John Shaddock ends most of his emails and website messages, before he signs his name, with "Keep your hands up."
It's a phrase that should serve Shaddock well in the near future - the Sykesville resident and owner of his own mixed martial arts academy is set to join the cast of an MMA reality show called "Warrior Island," where he'll be up against 15 other competitors in a test of training and skills.
"I am hoping to show that a 45-year-old can hang with young bucks," Shaddock said through Facebook on Thursday evening.
Shaddock, who goes by the nickname "Bones," said he doesn't know much about where he's headed come September, when the show is scheduled to be taped. The hunch is somewhere in the Pacific, where he'll try to outlast 15 other fighters from around the world. They're all vying for a $500,000 prize by training with masters of various martial arts, and the show's fans will determine who stays on the island.
It's "Enter The Dragon" meets "Survivor" meets "American Idol," said show creator James Jefferson.
"We wanted to go back to the roots, the history, take the old school and bring it to the new school," said Jefferson, who is the CEO of Global Proving Ground.
Jefferson's company promotes the fighters competing to be on "Warrior Island," and MMA fans voted on their favorites to create a cast. Shaddock said he recently found out he was the top vote-getter among American fighters, but he's taking a realistic approach.
"I am starting to realize at 45 that my will may want to, but my body may only be able to keep this up for a little longer," he said via Facebook. "But I will always be teaching."
Most days, he can be found at the Shaddock MMA Academy in Eldersburg, which has been open since 2008. Shaddock's dojo was filled for a session July 19 that had a handful of men dressed in traditional martial arts attire, called gi, and sweating profusely while working on self-defense technique and skills.
Fighting to protect yourself, rather than taking on all comers, is what Shaddock said he wants the youth in his academy to showcase.
"People are starting to know that we're here," he said before the practice. "Not to bash other schools, but we're not about just breaking boards and giving out belts. These kids are actually working, running around fighting. It's really like a great anti-bully program."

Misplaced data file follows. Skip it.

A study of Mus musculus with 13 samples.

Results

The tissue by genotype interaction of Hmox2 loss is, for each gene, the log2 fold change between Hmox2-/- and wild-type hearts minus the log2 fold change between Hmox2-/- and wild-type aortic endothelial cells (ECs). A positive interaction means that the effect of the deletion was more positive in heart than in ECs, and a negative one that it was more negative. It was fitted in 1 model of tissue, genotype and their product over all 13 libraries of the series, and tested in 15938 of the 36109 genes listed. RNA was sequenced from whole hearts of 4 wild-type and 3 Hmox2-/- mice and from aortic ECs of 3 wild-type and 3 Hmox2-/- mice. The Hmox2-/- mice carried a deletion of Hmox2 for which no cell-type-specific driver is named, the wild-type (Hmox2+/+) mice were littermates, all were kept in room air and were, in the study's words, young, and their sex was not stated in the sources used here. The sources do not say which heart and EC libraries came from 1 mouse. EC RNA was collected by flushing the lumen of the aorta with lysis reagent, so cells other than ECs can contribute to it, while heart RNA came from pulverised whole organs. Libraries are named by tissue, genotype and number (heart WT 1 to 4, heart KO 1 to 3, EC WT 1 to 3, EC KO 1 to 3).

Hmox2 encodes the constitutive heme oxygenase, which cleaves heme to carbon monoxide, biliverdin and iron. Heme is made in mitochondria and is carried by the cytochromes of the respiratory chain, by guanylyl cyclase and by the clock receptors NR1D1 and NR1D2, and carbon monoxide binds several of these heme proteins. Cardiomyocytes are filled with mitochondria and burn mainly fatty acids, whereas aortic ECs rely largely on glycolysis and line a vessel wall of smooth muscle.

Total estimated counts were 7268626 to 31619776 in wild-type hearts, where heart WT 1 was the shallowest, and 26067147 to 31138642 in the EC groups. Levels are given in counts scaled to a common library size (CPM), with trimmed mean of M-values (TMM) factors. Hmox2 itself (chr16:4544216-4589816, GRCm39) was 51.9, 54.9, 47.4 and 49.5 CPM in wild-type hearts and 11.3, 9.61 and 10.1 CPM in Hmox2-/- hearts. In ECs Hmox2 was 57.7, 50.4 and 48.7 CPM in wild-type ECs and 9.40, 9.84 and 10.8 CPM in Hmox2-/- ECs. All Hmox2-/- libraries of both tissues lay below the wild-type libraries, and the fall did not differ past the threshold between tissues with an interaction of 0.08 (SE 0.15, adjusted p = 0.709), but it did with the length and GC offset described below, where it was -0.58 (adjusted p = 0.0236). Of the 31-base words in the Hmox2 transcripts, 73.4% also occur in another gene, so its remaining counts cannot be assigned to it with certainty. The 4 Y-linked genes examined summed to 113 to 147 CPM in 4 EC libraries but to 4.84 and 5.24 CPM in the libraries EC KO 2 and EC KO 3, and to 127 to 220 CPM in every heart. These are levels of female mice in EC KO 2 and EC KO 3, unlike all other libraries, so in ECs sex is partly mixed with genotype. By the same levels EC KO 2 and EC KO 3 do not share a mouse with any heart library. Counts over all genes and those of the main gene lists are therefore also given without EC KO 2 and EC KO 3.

If a bully throws you on the ground, Shaddock said, one of the best defenses to use is jiu jitsu. Shaddock turned to the martial art in recent years after growing up as a boxer and wrestler, and the variety has made him well-round as an MMA fighter.
Shaddock said he remembers getting a call from a friend, Greg Day, who had heard something about a reality show centered around mixed martial arts.
Day, an avid MMA fan and former wrestling state champion at Westminster High, was intrigued by the show's concept but decided he was too busy to try out. But he thought Shaddock was suited for it.
"We're both longtime MMA fans. We both go way back," Day said. "We love the sport. It's just right down our alley. And it's probably like his last shot.
"He's constantly working out, training ... I just thought, John would be great for this."
At 45, Shaddock said he considers himself the underdog heading into the show's taping. But people tend to get behind the underdog, Day said.
"He's well rounded, he's got the knowledge, he's got the experience," Day said. "I know his passion for this, and it's a lot like mine."
Jefferson said the show is still searching for a network but he's confident it will air in the spring. Viewers will get an interactive experience, he said, by being able to vote for their favorite fighters while the contestants train and learn from masters.
"Everything is going to be done traditionally," Shaddock said. "It's going to be more of a martial arts show. The fights are not going to be in a cage; we'll be fighting in the dirt and the sand. It's kind of like Mortal Kombat."
Shaddock's MMA journey started when he was a salesman in the health club business, frustrated from not being able to stay in shape while on the road. He soon found out a local gym was offering jiu jitsu, and the owner agreed to let Shaddock join for free provided he taught the members boxing.
When the gym owner moved to Columbia, Shaddock said, his day job quickly changed.
Now he's getting ready to embark on an MMA quest as a potential underdog.
"John was one of the voted on fighters," Jefferson said. "He's one of those original tough-guys."